Dragon aims to dodge hurricane for astronauts’ homecoming


NASA and SpaceX are going ahead with plans to bring NASA astronauts Doug Hurley and Bob Behnken home from the International Space Station for a splashdown this weekend, even though Hurricane Isaias is heading for Florida’s Atlantic coast.


Fortunately, SpaceX’s Dragon capsule is heading for waters off Florida’s other coast.

NASA said weather conditions are all systems go for the targeted site in the Gulf of Mexico, close to Pensacola, as well as for an alternate site off the coast of Panama City, Fla. That opened the way for preparations to proceed for the Dragon Endeavour to undock at 7:34 p.m. ET (4:34 p.m. PT) today, with a splashdown set for 2:41 p.m. ET (11:41 a.m. PT) Sunday.



Live coverage of the Dragon’s return is due to start at 5:15 p.m. ET (2:15 p.m. PT) and continue through splashdown.

Just as the Dragon’s launch made history in May, its return will go down in space history books as well. It’ll mark the first return of a commercially built and operated U.S. spacecraft from orbit, and the first at-sea return of U.S. astronauts since the topsy-turvy splashdown of NASA’s Apollo-Soyuz crew in 1975.


During a news conference conducted in advance of undocking, Hurley said he had reviewed the Apollo record and acknowledged that splashdowns can be “pretty challenging from a physiological standpoint.”

“Folks didn’t feel well — that’s the way it is with a water landing,” he said. Flight surgeons will be on board the recovery fleet to help the astronauts adjust.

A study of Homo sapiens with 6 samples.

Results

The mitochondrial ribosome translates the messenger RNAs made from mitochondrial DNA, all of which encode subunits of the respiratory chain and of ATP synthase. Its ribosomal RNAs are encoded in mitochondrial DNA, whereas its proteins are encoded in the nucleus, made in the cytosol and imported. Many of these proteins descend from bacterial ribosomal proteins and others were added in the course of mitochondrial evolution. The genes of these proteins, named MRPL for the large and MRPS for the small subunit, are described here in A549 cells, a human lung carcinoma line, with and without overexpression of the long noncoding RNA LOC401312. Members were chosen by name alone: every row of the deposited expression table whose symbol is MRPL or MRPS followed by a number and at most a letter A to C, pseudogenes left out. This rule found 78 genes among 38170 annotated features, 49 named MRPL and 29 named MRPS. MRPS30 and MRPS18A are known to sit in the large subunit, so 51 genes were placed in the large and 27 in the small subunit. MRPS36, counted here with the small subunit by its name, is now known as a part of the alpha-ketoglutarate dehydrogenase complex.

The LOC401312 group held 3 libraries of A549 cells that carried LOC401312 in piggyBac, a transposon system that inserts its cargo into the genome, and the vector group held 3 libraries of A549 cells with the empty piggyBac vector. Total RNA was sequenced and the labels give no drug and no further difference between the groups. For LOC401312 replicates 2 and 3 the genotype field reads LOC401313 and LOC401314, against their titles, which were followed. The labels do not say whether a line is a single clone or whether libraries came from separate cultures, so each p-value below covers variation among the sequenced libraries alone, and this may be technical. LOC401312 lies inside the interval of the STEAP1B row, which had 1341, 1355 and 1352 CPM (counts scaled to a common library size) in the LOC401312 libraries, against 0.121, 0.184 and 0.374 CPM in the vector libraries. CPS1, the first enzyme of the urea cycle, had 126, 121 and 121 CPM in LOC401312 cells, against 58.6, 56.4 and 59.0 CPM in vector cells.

During their 63 days on the space station, Behnken participated in four spacewalks with NASA crewmate Chris Cassidy to upgrade the orbital outpost’s power system. Behnken and Hurley also helped beef up the station’s crew complement, which had been down to three before they arrived.

Cassidy noted that he had been the sole American, working alongside two Russians. “It was lonely conversations I had with myself at dinner prior to their arrival — and with these last two months, it’s been fantastic to have buddies at the chow table to reflect on the day, think about tomorrow and talk about world events,” Cassidy said.

All my bags are packed, I’m ready to go… #LandAmerica pic.twitter.com/FvyzeA58sb


— Bob Behnken (@AstroBehnken) August 1, 2020

Behnken and Hurley aren’t the only space travelers returning to Earth. Tremor, a plush dinosaur that was used as a zero-G indicator for the Dragon’s launch, will be coming back as well.



“The flag’s all yours,” Cassidy said as he handed the flag to Hurley. In an additional historical twist, Hurley was part of the crew who dropped the flag nine years earlier.

“I’m very proud to return this flag home, and see what’s next for it on its journey to the moon,” said Hurley, referring to NASA’s Artemis moon program.

The next SpaceX Crew Dragon launch to the space station is scheduled for as early as next month. And Behnken’s wife, NASA astronaut Megan McArthur, is due to be part of a Dragon crew heading for the station next spring.